Sonim makes lots of promises about the XP1300's durability. It's certified to military specifications for salt, fog, humidity, transport shock, and thermal shock; you can drop it on a concrete floor from 6.56 feet (2 meters); it can tolerate temperatures between minus 4 degrees and 131 degrees Fahrenheit (minus 20 degrees and 55 degrees Celsius); you can submerge it in 6.56 feet of water for half an hour; you can cover it in oil; and it can endure pressure of 1,000 pounds per square inch. We subjected it to every test we performed on the XP3, including dropping it on a hard surface, throwing it down the stairs, putting it in a freezer, and stomping the heck out of it with a boot.
As mentioned, we also put the XP1300 Core through a couple of tests that Sonim prepared for us. First off, we tried calling an XP1300 Core that the company had encased in a concrete block. Though we had to listen closely, we could hear it ringing. Then, after we threw the block on the ground to free the phone, we were able to place another call. Sure, the handset was covered in concrete dust and bits--cleaning off that debris wasn't easy--but it was otherwise unharmed.
For your own look at the tests, check out our.
The next test was even more gruesome. Using dry ice, we lowered the temperature of a bucket of antifreeze to a frigid minus 20 degrees Celsius before giving the phone a quick bath. Here again, it kept on ticking even if it wasn't entirely unscathed. Though the display continued to shine and the keys registered our commands, the phone's ring volume was much lower immediately after we fished it out of the antifreeze. Sonim said it was a natural effect of extreme temperatures and that the ring volume would return to normal later. Indeed, when we tried it again after some time, the volume was louder.
Keep in mind that we're not guaranteeing that the XP1300 is completely indestructible. Though gadget reviewers, and Sonim itself, have subjected the company's handsets to a variety of torture tests, we've heard from CNET readers who have reported nicks to the armor and scratches on the screen. Also, CNET UK's Charles Kloet was ablethe at Mobile World Congress last year. But despite those incidents, the XP1300 Core is stronger than your average phone.
As we said earlier, the XP1300 Core offers everything you need for communication, but not much else. The phone book holds 1,000 contacts with room in each entry for multiple phone numbers, a fax number, a company name, an e-mail address, a birthday, a street address, a URL, and notes. For caller ID, you can pair contacts with a photo and one of 18 polyphonic ringtones.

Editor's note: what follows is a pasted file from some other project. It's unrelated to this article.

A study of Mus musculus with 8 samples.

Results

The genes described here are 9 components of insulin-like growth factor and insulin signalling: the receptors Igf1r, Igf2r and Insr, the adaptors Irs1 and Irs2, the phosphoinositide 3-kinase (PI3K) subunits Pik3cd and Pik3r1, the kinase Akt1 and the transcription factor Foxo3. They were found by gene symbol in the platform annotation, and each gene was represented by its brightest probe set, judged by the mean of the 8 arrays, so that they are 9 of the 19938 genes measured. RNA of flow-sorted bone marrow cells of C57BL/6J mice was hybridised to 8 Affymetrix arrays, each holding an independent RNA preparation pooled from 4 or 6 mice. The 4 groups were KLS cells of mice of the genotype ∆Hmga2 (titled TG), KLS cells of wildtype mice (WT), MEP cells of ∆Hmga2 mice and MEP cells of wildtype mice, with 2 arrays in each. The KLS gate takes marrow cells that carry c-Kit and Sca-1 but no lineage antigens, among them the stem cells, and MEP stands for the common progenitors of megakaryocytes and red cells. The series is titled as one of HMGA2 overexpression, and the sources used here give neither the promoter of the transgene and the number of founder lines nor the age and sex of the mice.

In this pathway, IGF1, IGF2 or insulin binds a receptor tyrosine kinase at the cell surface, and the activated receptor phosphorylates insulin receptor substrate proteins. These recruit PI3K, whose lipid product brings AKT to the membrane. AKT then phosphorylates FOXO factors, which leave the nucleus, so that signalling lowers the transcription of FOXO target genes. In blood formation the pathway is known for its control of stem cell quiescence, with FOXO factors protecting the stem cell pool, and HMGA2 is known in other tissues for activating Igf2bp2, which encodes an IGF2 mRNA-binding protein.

The XP1300 Core supports text and multimedia messaging. The latter feature is particularly welcome given that we didn't get it on the XP3. Other tools include an alarm clock, a calculator, a unit converter, a world clock, a calendar, a sound recorder, a notepad, a stopwatch, and a text reader.
You'll also find Bluetooth, a file manager, and PC syncing. POP3 and IMAP4 e-mail support are present as well, though the interface is pretty clunky. The XP1300 Core lacks a camera, but it does offer an FM radio and a generic music player that supports MP3, WAV, and AAC files.
The Sonim has an Opera Mini browser. Features include bookmarks, stored pages, and a record of your browsing history. The handset doesn't come with any games or applications, though it supports Java.
We tested the quad-band (GSM 850/900/1800/1900) Sonim XP1300 world phone in San Francisco using T-Mobile service. Call quality was good on some fronts, but not so great on others. We'll start with the high points first.
Placing a call was rarely a problem, and we enjoyed a strong signal once we were connected. T-Mobile's network wasn't so reliable in underground transit stations, but the places we couldn't get a signal were few. Also, we never encountered a dropped call or a failed connection. Audio clarity also was good. Our friends sounded natural, and we didn't notice any static or interference. And on their end, callers said we sounded fine. They could tell that we were using a cell phone, but there weren't any major complaints.
On the downside, however, we found the call volume to be much too low: we had to strain to hear if we were talking in a noisy place. Even when using the phone in a quiet room, we still had to have the volume turned up and hold the phone close to our ear. Sonim says the XP1300 Core has an omnidirectional microphone with noise cancellation, and to its credit the phone did a good job of cutting background noise on either end. But even with that feature, it just wasn't loud enough.
Fortunately, the speakerphone offered more power. The speaker sits on the phone's rear face, but you can hear adequately even when the phone is resting on a table. Speakerphone calls were satisfying to our callers and to us, and we had no difficulties with automated calling systems.
The Sonim XP1300 Core has a rated battery life of 18 hours of talk time and 33 days of standby time. It had a talk time of 10 hours and 3 minute in our tests. According to FCC radiation tests, the XP1300 Core has a digital SAR of 0.601 watt per kilogram.